NEWYou can now listen to Fox News articles! Prisons are often held up as a solution to crime, but incarceration without rehabilitation is a cause
NEWYou can now listen to Fox News articles!
Prisons are often held up as a solution to crime, but incarceration without rehabilitation is a cause of crime too. With violence inundating cities, it’s time to look inside prisons and reimagine their possibilities.
While serving time for bank robbery, I saw up close what didn’t work. Two decades later, I have spent years as an advocate, and there have been improvements to the prison system, including sentencing reform and better access to prison programming – but successful outcomes remain elusive.
Prisons weren’t built to rehabilitate. We cannot expect people to become good citizens when corrosive prison culture sabotages character change. It’s time to transform how we “do” prison in America.
Recidivism – the rate at which released prisoners return to state custody – has long been the reigning statistic of American corrections. Instead of quantifying success, though, it measures failure. While recent research challenges the idea that recidivism is a sufficient metric, it remains a focus of the prison system. To combat recidivism, researchers have identified risk factors, like antisocial thinking and behavior, to target for reduction. Officials now seek to provide evidence-based programming that addresses criminogenic factors.
What more needs to change?
The risk-reduction approach ignores the fact that the negative prison environment wields more influence than any single program. Research shows that simply working in prison harms correctional officers’ safety and well-being. Yet there are no universal prison assessment criteria. While we have worked to define a good prison program, we have neglected to ask the more critical question: “What makes a good prison?”
Ideally, prison programming that forms good citizens would be surrounded and supported by a culture that reinforces moral learning. Research indicates that learning occurs best in an environment of transparency and trust, with good role models and ample opportunity to put learning into practice. Instead, the typical prison environment offers the opposite. Role models are scarce, opportunities for practice are rare, and trust and transparency can mark prison residents as prey to less scrupulous peers.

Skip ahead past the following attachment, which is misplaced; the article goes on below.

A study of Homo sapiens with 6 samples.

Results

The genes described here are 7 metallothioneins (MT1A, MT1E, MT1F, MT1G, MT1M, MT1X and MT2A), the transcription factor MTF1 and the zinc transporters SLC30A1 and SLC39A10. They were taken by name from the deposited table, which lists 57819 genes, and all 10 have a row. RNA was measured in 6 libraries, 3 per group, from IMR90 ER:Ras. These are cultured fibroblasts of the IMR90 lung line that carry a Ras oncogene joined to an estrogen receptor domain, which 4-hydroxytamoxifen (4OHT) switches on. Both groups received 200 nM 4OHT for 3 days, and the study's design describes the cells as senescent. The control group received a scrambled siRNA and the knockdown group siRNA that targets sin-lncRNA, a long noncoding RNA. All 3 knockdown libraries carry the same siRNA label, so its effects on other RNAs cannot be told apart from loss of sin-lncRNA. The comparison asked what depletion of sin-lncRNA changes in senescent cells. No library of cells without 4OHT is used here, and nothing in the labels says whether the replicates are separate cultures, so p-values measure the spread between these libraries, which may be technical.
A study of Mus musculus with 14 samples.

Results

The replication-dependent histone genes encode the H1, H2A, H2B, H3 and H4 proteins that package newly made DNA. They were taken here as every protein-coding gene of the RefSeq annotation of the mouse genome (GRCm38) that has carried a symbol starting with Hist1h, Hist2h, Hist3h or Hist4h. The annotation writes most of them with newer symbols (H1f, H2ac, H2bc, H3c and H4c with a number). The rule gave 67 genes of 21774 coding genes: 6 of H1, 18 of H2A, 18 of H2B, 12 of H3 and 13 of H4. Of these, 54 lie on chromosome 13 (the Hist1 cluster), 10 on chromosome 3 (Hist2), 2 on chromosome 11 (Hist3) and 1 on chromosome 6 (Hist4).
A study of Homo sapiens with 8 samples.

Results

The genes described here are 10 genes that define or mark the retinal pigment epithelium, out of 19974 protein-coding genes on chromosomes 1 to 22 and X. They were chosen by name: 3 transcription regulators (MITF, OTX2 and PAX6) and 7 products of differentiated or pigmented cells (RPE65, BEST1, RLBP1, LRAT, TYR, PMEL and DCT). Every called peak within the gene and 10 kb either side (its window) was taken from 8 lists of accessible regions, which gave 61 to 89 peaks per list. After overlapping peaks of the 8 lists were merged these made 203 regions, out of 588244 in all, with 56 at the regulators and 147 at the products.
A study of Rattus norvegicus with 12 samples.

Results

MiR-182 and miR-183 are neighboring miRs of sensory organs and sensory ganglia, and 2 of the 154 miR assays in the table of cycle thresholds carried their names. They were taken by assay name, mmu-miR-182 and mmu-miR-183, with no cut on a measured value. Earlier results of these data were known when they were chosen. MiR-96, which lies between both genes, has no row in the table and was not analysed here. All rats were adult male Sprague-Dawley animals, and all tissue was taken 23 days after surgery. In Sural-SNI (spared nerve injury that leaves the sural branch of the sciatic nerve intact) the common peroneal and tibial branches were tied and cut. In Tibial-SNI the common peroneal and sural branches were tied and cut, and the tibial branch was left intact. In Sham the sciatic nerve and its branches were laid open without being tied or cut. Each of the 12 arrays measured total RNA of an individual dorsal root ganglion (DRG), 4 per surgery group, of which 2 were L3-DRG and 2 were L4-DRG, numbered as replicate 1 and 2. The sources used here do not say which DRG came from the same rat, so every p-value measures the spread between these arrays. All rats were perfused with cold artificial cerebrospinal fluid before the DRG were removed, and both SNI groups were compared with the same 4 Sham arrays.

We cannot expect people to become good citizens when the behaviors taught in the prison classroom conflict with the prison’s social norms. We can no longer ignore the reality that the prison environment directly impacts public safety.
A prison system that only measures recidivism is like a hospital system that only measures mortality. Recidivism and risk reduction will never tell us if people are leaving prison equipped to flourish as good citizens. It’s time to focus on the adoption or enhancement of positive, prosocial attributes of good citizenship.
This isn’t a pipe dream. But to make it happen, we must start measuring deficits and gains in the values of good citizenship: community, affirmation, productivity, responsibility, restoration and integrity. Instead of asking why people commit crimes, we need to identify and reinforce what keeps people from committing crimes in the first place.
My own transformation from prisoner to advocate took place in the Prison Fellowship Academy, a unique in-prison community governed by these values, where I had role models and opportunities to practice new behaviors. Lasting change took root, and not just for me. To this day I maintain friendships with other men who are now community leaders, pastors, husbands, fathers, entrepreneurs and change agents.
We have a responsibility to provide paths to rehabilitation to people in prisons. To fulfill that mandate, we must redefine success. Life after incarceration isn’t just about avoiding another arrest. It’s about returning to society as a productive, independent and flourishing citizen. The more people can practice for that future in prison, the better off everyone will be.